Preparations for Japan’s staging of Rugby World Cup 2019 have been further boosted after the International Rugby Board announced that the 2012 IRB Pacific Nations Cup will be hosted by the Japan Rugby Football Union.
The awarding of the marquee international tournament demonstrates the JRFU’s commitment to successfully delivering major Rugby events in the run up to Rugby World Cup 2019. It also underscores the massive growth potential within Asia – a Region that has experienced 18 per cent uplift in participation since 2007.
The announcement comes off the back of the JRFU’s successful hosting of the Tokyo leg of the HSBC Sevens World Series – the first international Sevens event to be hosted in the country in 11 years. It is also a strong endorsement of the Union’s operational and organisational skills as Rugby World Cup 2019 planning and preparation continues to advance on track.
It also provides a welcome and timely boost for Rugby across Japan after the 2011 IRB Pacific Nations Cup was reluctantly moved from the country to allow the Union to concentrate on assisting the Rugby community affected by the devastating earthquake and tsunami in March last year.
Five of the six matches will be played in Japan with double-headers featuring in the first two rounds of matches giving fans the opportunity to see the stars from all four teams. The opening match day on June 5 will see Samoa v Tonga (17:10 local time) and Fiji v Japan (19:10) in Nagoya while the second match day will take place on June 10 in Tokyo with Fiji v Samoa (12:10) and Japan v Tonga (14:10). The final round will be split over two weeks to accommodate Scotland’s tour to the Pacific Islands with Samoa v Japan in Tokyo on June 17 (14:10) and Fiji v Tonga rounding off the action in Lautoka, Fiji on June 23 (15:40).
“We are delighted that Japan is to host this major international championship. The awarding of this event not only underscores the great appetite for showcase Rugby events in Japan, but also demonstrates the JRFU’s intentions to reach out to new Rugby fans across Japan and wider Asia as we look towards Rugby World Cup 2019,” said IRB Chairman Bernard Lapasset.
“These are exciting times for Rugby in Asia and the Pacific Islands. The IRB Pacific Nations Cup was introduced in 2006 to provide an expanded high-level competition calendar for Fiji, Japan, Samoa and Tonga and therefore increase the competitiveness of Rugby World Cup. In that regard it has been a success story for the IRB and Participating Unions, demonstrating that our strategic investment programme is working. The IRB Pacific Nations Cup is now a hugely anticipated event in the Rugby calendar in its own right.”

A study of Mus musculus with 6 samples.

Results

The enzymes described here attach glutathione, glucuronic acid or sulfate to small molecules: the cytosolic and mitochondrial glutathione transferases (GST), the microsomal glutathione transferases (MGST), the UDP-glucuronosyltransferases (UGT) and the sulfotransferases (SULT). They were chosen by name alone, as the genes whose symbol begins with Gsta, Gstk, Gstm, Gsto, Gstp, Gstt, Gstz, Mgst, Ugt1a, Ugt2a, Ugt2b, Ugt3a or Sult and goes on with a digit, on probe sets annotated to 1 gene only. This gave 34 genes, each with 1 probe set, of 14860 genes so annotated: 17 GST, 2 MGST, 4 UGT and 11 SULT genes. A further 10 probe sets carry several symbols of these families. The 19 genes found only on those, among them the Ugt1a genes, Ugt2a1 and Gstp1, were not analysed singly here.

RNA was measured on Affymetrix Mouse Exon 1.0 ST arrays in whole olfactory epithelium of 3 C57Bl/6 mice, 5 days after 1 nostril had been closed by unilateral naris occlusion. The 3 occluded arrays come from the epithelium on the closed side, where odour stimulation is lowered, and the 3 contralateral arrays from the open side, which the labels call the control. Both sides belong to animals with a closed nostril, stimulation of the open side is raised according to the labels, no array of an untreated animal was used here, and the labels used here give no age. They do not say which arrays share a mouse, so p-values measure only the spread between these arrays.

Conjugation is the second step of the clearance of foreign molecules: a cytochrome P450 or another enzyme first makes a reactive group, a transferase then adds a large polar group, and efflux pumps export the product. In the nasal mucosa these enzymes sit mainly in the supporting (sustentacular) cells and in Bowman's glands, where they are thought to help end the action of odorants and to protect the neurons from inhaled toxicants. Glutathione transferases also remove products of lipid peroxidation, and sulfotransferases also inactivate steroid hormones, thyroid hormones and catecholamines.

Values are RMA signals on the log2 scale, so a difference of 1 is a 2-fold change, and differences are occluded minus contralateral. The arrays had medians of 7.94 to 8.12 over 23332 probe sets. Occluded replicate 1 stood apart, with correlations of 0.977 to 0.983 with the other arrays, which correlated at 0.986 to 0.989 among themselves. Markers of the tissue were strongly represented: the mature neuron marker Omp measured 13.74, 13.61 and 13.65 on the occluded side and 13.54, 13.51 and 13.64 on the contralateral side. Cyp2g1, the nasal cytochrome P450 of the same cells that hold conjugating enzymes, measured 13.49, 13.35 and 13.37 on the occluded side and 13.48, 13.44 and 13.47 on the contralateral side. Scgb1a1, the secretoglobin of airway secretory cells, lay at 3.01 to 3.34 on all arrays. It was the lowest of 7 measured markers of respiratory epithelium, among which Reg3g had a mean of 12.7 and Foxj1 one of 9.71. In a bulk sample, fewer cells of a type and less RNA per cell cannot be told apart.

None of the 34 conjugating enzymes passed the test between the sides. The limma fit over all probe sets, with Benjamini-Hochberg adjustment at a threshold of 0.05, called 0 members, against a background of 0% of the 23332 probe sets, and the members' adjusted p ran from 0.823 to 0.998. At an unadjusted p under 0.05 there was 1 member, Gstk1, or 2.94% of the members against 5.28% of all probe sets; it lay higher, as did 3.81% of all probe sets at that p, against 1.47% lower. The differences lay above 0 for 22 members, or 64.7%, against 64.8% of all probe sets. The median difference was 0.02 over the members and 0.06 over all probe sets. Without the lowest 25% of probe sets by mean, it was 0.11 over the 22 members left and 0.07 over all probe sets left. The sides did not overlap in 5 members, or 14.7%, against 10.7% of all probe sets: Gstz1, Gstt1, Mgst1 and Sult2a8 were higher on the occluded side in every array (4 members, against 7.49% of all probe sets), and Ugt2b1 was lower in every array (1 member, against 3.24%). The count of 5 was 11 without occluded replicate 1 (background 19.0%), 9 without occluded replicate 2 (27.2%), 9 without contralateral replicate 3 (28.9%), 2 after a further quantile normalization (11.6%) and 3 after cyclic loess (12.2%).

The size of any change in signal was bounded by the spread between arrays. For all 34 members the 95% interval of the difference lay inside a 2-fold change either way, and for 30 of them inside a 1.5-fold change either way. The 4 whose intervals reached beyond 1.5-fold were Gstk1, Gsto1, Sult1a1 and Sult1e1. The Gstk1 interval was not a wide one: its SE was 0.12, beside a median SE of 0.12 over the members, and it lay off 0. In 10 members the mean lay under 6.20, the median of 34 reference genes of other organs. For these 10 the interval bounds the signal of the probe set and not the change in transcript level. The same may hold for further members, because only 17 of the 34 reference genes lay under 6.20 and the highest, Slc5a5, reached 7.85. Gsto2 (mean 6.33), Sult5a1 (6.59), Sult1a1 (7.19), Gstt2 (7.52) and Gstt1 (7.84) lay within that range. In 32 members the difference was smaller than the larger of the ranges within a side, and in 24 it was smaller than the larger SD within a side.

“Scotland will tour Samoa and Fiji as the 10-year IRB tours and test schedule kicks off which highlights the IRB’s commitment to providing the likes of Fiji, Tonga, Samoa and Japan with more tests than ever before in a calendar year. In total we have invested more than GBP 15 million in Rugby in Oceania between 2009-2012.”
Growing the Game in Asia is a key priority for the IRB ahead of Rugby World Cup 2019 and the JRFU continues to make significant progress towards hosting Rugby’s showcase event. The IRB Pacific Nations Cup 2012 follows successful hosting of a record-breaking IRB Junior World Championship in 2009 and Tokyo’s debut as a HSBC Sevens World Series venue.
Japan Rugby Football Union Chairman Tatsuzo Yabe said: “These are exciting times for Rugby in Japan and throughout Asia and I am delighted that the Japan Rugby Football Union will host this year’s IRB Pacific Nations Cup, one year after the difficult decision was taken to relocate the tournament following the Tohoku earthquake. This will be a tournament for the people of Japan in memory of all who tragically lost their lives and were affected.”
“We are fully committed to delivering a very successful tournament that will showcase international Rugby as we continue to build towards Rugby World Cup 2019. Working in partnership with the IRB and RWCL, the JRFU has a long term plan to grow Rugby and host major international Rugby events that will continue to lay the operational and management foundations for a successful Rugby World Cup 2019 that will be the gateway to Rugby’s boom across Asia.”
“The IRB Pacific Nations Cup will also provide valuable opportunities for the Japan national team, led by newly appointed head coach Eddie Jones, to compete with top level Rugby nations,” added Yabe.
Eddie Jones commented: “This is a new era for Japan Rugby and the Japan national team as we build towards Rugby World Cup 2019. The hosting of the IRB Pacific Nations Cup on home soil represents a great opportunity for us to move forward – to develop a truly Japanese style of Rugby with a young squad full of talent.
“We are looking forward to competing in the competition and bringing top class international Rugby to the Japanese people. Samoa and Tonga are ahead of us in the IRB World Rankings and we respect Fiji greatly. It will be very competitive.”
The IRB Pacific Nations Cup dovetails with the sister IRB Pacific Rugby Cup to deliver a local player and coach development pathway for the Pacific Island Nations. This year A sides from each of the three nations have played against Super Rugby development team opposition in Australia and New Zealand. The competition resumes in October with the final round robin matches between the Island teams.